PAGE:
The Human Proteome Re-mapped

The newly published tissue-based map of the human proteome includes a catalogue of 13 million annotated images from 32 different tissues with additional RNA and protein expression data across a total of 44 tissues.

The team of researchers led by Professor Mathias Uhlén from the Royal Institute of Technology in Stockholm, Sweden probed 32 tissue type samples with a panel of antibodies to 16,975 human proteins: these included 24,456 antibodies generated ‘in-house’ as part of the Human Protein Atlas project and 3,572 externally supplied antibodies.

Using this antibody-based approach they generated a compendium of immunohistochemistry images that have been annotated by a team of pathologists from Mumbai, India. This database shows the intracellular localisation of each of these proteins and is available online as a free interactive resource presented as part of the HPA project.

Together this version of the proteome is able to show us not just which proteins are expressed, at what levels and in what tissues, but also the cellular localisation of each protein, whether secreted, soluble or membrane-bound. This is complementary to the previously published human proteome maps, which used mass spectrometry to analyse the different protein levels in different tissues. While mass spec can identify and quantitate protein levels, the IHC approach taken in the new paper provides resolution at a cellular level within a tissue that mass spectrometry cannot.

Uhlén and colleagues found that approximately 44% of all proteins expressed in any tissue were ubiquitous. Representing proteins involved in metabolism, cell structure, transcription, translation and replication their ubiquitous expression is indicative of their roles as housekeeping proteins. RNA transcripts from the different tissue samples showed that the percentage of tissue-enriched transcripts was typically just a fraction of the cellular protein, but in pancreas this amounted to 70% of the total transcripts and 35% of liver.

Of the ubiquitously expressed proteins only 2% were supported only by RNA data, yet for the proteins elevated in specific tissues antibody-based evidence was lacking for 18% of the almost 17,000 proteins analysed, demonstrating the large number of issues that can arise with antibody

Of the proteins analysed the authors show that approximately 3,000 are secreted from cells and an additional 5,500 proteins are located to the membrane systems of the cells. Comparing this to the 618 proteins targeted by currently approved pharmaceuticals they show that 70% of the current pharmaceutical targets are either for secreted or membrane-bound proteins, with 30% of current protein targets showing ubiquitous expression across all tissues and organs, which may help to explain some drug side effects.

In addition to the 44 primary tissues analysed, the Swedish team also looked at 46 different cell lines. In line with previous studies suggesting that cell lines dedifferentiate in vitro, expression of many of the tissue-enriched genes in the cell lines were switched off. This has implications for the use of these ‘model’ cells to accurately infer the basic biology of specific tissues or drug treatment outcomes.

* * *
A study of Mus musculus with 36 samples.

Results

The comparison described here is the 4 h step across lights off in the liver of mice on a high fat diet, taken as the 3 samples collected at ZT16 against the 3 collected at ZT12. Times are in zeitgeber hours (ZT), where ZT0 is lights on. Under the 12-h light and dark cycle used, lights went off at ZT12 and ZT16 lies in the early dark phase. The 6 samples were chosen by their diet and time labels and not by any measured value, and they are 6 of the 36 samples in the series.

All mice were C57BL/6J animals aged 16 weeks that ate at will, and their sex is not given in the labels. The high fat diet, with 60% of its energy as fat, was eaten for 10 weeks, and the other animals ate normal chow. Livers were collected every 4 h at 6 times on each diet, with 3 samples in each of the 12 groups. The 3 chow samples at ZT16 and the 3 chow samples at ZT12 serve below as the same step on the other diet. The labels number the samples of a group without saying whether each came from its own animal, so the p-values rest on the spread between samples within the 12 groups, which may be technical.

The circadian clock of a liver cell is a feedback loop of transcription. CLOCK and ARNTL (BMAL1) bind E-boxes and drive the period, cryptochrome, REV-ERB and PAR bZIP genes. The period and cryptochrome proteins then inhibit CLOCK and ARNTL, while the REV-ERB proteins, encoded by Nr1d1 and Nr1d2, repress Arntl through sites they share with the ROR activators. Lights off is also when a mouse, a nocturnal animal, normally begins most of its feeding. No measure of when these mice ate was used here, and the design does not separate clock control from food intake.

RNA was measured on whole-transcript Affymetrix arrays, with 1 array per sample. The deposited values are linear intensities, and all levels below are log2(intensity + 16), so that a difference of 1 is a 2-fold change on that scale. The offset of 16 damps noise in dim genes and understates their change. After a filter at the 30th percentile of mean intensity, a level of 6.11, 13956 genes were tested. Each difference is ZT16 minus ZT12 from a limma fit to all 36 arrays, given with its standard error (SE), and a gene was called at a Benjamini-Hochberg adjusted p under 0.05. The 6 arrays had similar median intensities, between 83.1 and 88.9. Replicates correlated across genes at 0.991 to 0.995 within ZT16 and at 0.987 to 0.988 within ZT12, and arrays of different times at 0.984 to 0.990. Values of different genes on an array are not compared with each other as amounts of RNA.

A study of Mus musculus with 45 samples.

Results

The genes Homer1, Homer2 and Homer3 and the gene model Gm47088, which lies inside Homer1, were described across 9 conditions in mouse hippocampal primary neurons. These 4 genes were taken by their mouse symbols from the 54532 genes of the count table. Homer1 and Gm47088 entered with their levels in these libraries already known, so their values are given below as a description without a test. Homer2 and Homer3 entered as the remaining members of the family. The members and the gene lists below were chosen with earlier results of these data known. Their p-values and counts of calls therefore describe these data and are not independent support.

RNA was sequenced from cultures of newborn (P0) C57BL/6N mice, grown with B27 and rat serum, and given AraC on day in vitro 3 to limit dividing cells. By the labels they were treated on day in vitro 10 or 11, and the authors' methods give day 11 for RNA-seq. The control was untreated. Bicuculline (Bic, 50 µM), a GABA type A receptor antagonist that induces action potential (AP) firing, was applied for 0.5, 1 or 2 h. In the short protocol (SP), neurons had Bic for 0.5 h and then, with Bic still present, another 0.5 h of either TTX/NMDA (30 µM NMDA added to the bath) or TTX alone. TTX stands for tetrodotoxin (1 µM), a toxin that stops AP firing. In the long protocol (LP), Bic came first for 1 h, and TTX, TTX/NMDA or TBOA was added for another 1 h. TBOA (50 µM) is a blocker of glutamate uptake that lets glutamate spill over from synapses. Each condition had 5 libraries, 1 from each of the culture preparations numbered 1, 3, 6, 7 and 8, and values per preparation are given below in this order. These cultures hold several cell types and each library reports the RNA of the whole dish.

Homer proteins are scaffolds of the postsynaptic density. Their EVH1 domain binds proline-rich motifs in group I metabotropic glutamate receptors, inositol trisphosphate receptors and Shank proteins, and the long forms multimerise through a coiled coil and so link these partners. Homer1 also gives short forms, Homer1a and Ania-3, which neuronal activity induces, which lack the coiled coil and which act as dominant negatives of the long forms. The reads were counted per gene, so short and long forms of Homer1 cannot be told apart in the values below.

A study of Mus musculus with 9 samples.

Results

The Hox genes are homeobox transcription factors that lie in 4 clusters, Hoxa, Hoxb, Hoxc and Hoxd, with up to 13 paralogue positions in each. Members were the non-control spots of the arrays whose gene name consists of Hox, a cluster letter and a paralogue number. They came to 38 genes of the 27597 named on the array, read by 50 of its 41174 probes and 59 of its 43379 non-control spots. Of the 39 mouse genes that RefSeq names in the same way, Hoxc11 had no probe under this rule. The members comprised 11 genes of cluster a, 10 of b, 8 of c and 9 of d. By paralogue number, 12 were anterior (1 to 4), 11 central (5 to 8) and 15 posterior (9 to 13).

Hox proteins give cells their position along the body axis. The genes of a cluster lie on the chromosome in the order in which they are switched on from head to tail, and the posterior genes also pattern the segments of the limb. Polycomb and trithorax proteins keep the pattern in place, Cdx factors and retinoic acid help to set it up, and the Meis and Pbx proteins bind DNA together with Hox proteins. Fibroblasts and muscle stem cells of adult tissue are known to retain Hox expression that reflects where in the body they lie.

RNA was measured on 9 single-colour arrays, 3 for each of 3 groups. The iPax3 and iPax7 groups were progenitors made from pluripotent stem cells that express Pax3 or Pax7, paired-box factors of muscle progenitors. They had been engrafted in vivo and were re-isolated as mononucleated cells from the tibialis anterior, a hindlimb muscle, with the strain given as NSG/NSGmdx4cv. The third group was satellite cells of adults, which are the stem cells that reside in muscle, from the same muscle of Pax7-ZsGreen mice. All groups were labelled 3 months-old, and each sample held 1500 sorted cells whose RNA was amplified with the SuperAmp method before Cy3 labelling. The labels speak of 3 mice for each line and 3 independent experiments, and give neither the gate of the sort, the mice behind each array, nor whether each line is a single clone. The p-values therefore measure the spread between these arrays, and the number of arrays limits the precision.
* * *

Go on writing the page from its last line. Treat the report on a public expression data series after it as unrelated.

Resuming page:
Combining the data of this study with the UniProt database and the recent proteogenomic mass spectrometry study of the human proteome the authors show that 17,132 proteins from the putative proteome have been identified through one of the three methods and 13,841 proteins with evidence from at least two of the efforts. An additional 2,546 proteins can be accounted for at RNA level from UniProt annotation or the RNA-sequencing data from this latest tissue-based proteome. So, out of the 20,356 putative protein-coding genes in the human proteome only 677 (3.3%) are lacking any experimental evidence to support their expression. Many of the missing 677 genes have been removed by Ensembl in later revisions of the genome or are now thought to be non-coding and so will likely be removed in the future, suggesting that we may be close to revealing the whole human proteome.

The ultimate goal in the exploration of the proteome is to define the structure, function, expression, localisation and interaction of all human proteins. The next stages of the project, they say, will focus upon the ‘missing’ 677 proteins to try and generate a finite list of the human proteome and the mapping of the isoform proteome to better appreciate the role of this diverse proteome across different tissues and organs.

The HPA project is doing an amazing job in generating and validating antibodies to the entire human proteome. However, in their generation of the 24,456 antibodies used in this study well over 50,000 were generated, with approximately 50% failing their rigorous validation studies according to Fredrik Ponten, the HPA’s Vice Programme Director.

Yet even the antibodies getting through this validation process are not all of equally high quality; if nothing is known about a particular protein besides its sequence, and the corresponding antibody produces a distinct signal in IHC, the project team will approve the antibody if no evidence exists to dispute it.

Furthermore, though the antibodies used to generate the HPA are all well validated and serve as an excellent resource for medical and biological science, stocks will not last forever and with batch-to-batch variation acknowledged as a significant problem in the life sciences the validation of all antibody reagents will be a constant game of catch-up.

Affimer technology is an alternative to antibodies, offering the specificity and affinity you would associate with antibodies, but without the batch-to-batch variation and long generation times. We can even produce Affimer proteins to targets where antibodies fail and the small size of the Affimer molecule allows them to better penetrate tissues in applications such as IHC, making them an ideal affinity reagent.